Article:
Hope School

Dale Wilker, a former student at the Hope School in Somerset Township, has been one of the main advocates for preserving the building and its accompanying property as the local community center. The purchase proposal previously awarded by the Steele County Board of Commissioners may fall through with the denial of a rezoning request, meaning that the other purchase proposals — including one that would preserve the property as is — are back on the table. (Press file photo)

It has been over a year since Steele County solicited a request for proposals on the plot of land that houses the Hope School in Somerset Township, and despite selecting a proposal last summer, the process may have to begin again.

During the Steele County Board of Commissioners meeting on Tuesday, the commissioners — with the exception of Commissioner Jim Abbe who was absent — unanimously approved a resolution to deny a rezoning request that would have changed 1.47 acres of the Hope School property from Rural Residential to Industrial. The request came from Victor Mrotz, the owner of Hope Creamery, whose plan was to construct a warehouse or storage building on the Hope School property to be used as a part of his creamery operation. The purchase was contingent on Mrotz’s ability to achieve different zoning requests and variances for lot sizes.

“The Planning Commission didn’t feel that the rezoning would impact the environmental or agricultural goals of the comprehensive plan,” said Dale Oolman, zoning director for the county. “However, there was a goal in our comprehensive plan that states no new spot zones should be created, and based on that this would create an industrial zone in an otherwise residential area which would be contrary to that part of the goal. Therefore the commission is recommending the denial of his request.”

Mrotz’s purchase agreement was a point of contention for some residents in Hope, who had been hoping the proposal would have been awarded to the Hope Businessmen’s Club so that the school building and neighboring playground could remain in place as the Hope Community Center. Several letters were submitted to the Planning Commission opposing the rezoning, most of which said construction of a warehouse would change the atmosphere of the small town.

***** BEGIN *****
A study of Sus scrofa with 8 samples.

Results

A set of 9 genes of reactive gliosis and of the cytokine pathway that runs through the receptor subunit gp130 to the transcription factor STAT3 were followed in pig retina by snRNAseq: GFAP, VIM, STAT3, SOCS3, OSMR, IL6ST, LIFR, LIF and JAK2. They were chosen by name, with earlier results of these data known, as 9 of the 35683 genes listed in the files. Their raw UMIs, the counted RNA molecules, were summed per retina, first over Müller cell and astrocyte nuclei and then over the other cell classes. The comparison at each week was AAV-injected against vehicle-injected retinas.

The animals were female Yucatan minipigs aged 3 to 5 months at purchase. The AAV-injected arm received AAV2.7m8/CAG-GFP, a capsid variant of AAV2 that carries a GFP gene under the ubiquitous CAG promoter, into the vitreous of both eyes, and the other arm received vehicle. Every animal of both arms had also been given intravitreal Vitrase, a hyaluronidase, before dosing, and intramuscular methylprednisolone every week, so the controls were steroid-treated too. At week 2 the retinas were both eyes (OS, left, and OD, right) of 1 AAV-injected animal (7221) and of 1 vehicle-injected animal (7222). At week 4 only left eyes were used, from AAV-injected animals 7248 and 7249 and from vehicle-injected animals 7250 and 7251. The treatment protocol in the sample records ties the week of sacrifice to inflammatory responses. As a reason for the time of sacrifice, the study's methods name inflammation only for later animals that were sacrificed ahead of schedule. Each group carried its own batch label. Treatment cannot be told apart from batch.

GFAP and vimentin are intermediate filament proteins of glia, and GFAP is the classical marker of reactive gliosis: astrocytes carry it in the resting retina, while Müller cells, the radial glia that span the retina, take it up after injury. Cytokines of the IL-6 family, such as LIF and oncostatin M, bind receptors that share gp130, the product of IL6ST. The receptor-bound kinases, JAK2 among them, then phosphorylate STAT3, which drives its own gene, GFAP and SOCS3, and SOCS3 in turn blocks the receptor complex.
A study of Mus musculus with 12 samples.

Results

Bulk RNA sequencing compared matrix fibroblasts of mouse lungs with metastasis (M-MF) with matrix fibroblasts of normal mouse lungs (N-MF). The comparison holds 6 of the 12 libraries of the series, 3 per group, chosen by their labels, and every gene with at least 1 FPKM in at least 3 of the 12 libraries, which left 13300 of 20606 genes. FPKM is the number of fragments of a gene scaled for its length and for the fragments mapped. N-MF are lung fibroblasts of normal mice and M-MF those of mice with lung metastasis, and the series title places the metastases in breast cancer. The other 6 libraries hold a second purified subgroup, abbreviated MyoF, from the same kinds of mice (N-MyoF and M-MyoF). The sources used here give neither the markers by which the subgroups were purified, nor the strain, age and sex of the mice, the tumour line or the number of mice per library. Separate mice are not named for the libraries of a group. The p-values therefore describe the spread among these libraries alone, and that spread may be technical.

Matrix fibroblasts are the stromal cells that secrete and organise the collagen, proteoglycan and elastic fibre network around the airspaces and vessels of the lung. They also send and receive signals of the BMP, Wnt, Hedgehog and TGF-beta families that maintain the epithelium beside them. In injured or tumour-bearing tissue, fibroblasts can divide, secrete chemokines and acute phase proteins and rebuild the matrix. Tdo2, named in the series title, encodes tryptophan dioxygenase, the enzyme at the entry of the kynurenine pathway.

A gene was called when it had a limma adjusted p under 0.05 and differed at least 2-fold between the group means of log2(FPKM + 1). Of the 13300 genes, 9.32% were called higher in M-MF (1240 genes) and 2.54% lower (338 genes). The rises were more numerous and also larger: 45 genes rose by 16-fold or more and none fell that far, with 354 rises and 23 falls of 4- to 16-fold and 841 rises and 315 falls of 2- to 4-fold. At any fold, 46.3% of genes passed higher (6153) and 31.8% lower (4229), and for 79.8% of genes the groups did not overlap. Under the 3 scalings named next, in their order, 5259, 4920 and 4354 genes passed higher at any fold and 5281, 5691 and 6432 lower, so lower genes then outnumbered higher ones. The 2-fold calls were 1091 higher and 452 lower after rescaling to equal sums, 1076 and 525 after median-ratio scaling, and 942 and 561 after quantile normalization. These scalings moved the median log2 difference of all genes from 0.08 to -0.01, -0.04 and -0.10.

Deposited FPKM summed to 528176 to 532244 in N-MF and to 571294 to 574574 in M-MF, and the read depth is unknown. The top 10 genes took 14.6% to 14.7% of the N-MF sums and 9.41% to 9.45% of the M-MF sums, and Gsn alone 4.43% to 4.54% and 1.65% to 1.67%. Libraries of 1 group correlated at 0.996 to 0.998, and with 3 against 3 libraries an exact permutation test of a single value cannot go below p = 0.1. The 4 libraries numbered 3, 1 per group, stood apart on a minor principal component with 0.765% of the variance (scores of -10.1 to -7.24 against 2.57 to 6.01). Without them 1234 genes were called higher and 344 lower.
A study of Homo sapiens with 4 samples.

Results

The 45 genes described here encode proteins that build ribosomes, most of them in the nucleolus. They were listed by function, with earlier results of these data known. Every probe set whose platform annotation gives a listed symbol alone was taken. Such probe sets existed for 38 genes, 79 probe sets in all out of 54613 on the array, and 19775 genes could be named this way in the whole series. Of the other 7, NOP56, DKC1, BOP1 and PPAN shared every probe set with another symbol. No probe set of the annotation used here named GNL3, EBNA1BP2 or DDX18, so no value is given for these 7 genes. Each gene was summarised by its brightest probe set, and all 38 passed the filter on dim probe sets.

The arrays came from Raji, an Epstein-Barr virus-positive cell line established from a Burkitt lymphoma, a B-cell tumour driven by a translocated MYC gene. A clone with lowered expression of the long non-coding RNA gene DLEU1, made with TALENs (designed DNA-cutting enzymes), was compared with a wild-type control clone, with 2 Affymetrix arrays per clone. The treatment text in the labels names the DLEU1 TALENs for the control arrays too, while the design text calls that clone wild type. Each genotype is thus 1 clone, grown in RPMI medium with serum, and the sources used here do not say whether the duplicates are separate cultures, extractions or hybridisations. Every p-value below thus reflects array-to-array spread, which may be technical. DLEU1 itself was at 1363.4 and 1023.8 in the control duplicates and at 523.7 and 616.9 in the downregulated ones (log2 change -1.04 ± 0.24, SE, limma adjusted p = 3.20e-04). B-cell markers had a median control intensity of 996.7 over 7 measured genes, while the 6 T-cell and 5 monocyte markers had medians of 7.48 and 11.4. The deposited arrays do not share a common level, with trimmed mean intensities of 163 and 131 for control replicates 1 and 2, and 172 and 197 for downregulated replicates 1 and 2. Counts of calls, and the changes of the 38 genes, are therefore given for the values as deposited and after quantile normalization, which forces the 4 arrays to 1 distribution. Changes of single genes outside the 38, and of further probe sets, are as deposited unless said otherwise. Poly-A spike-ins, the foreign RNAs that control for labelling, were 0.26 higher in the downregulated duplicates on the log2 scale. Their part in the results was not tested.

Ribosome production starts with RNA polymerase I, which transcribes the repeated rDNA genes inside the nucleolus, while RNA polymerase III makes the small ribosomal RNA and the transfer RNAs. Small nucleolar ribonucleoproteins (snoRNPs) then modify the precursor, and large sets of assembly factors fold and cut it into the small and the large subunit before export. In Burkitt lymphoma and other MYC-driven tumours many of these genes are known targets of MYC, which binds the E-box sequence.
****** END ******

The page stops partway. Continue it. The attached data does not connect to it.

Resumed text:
“The Hope Community Center is our “oasis” to enjoy and we want to preserve it as such,” wrote Carol Wilker. “We have children in town that play there and we as a community worked so very hard to put on Hope’s 100th anniversary which was quite a success. The moneys raised helped pay for the playground equipment. There’s a new generation of children here that will make use of the playground along with the older ones that have all that area to enjoy.

“How beautiful to have the open field and landscape adjoining the school and playground,” Wilker continued. “It is a tranquil place to sit in the evening overlooking the field and countryside.”

Myron and Nancy Spindler wrote that the nine family homes within 100 yards of the property that would be rezoned would potentially be disturbed by the noise of the refrigeration trucks from the creamery that could be stored in the proposed warehouse. Their letter also started that it would impose added expense to the township to rebuild the road to accommodate heavy truck traffic and snow removal.

Property owners Doug and Cindy Finch submitted the one letter to the Planning Commission in favor of the rezoning.

While the Board of Commissioners agreed that it would support the recommendation of the Planning Commission, Commissioner Greg Krueger noted that this was the third item that has come before the it in the past six months that have been contrary to the county’s comprehensive plan.

“I would like us to consider possible reviewing the plan to take a look at changing the landscape of the farm land and these sorts of things,” Krueger said. “I think it’s time we really take a different look at some of this stuff, and maybe it would come out the same, but I would almost bet it wouldn’t. We have farmers who are making $2-a-bushel of corn and maybe some of them would like to do other things with their property that they aren’t allowed to do. Maybe we need to look at this and find a plan that leaves some room for allowances for things that are properly vetted.”

Krueger said his request to review the plan is not because he disagrees with the Planning Commission, adding they are doing exactly what the plan allows or tell them to do.

According to County Administrator Scott Golberg, the sale to Mrotz could still go through if Mrotz decided to re-evaluate his design, though the decision is ultimately up to him. Because the denial of the rezoning could mean the failure of the purchase proposal, however, Golberg suggested that the commissioners reconvene and review the original request for proposals on the Hope School property.

Reach Reporter Annie Granlund at 507-444-2378 or follow her on Twitter @OPPAnnie. ©Copyright 2020 APG Media of Southern Minnesota.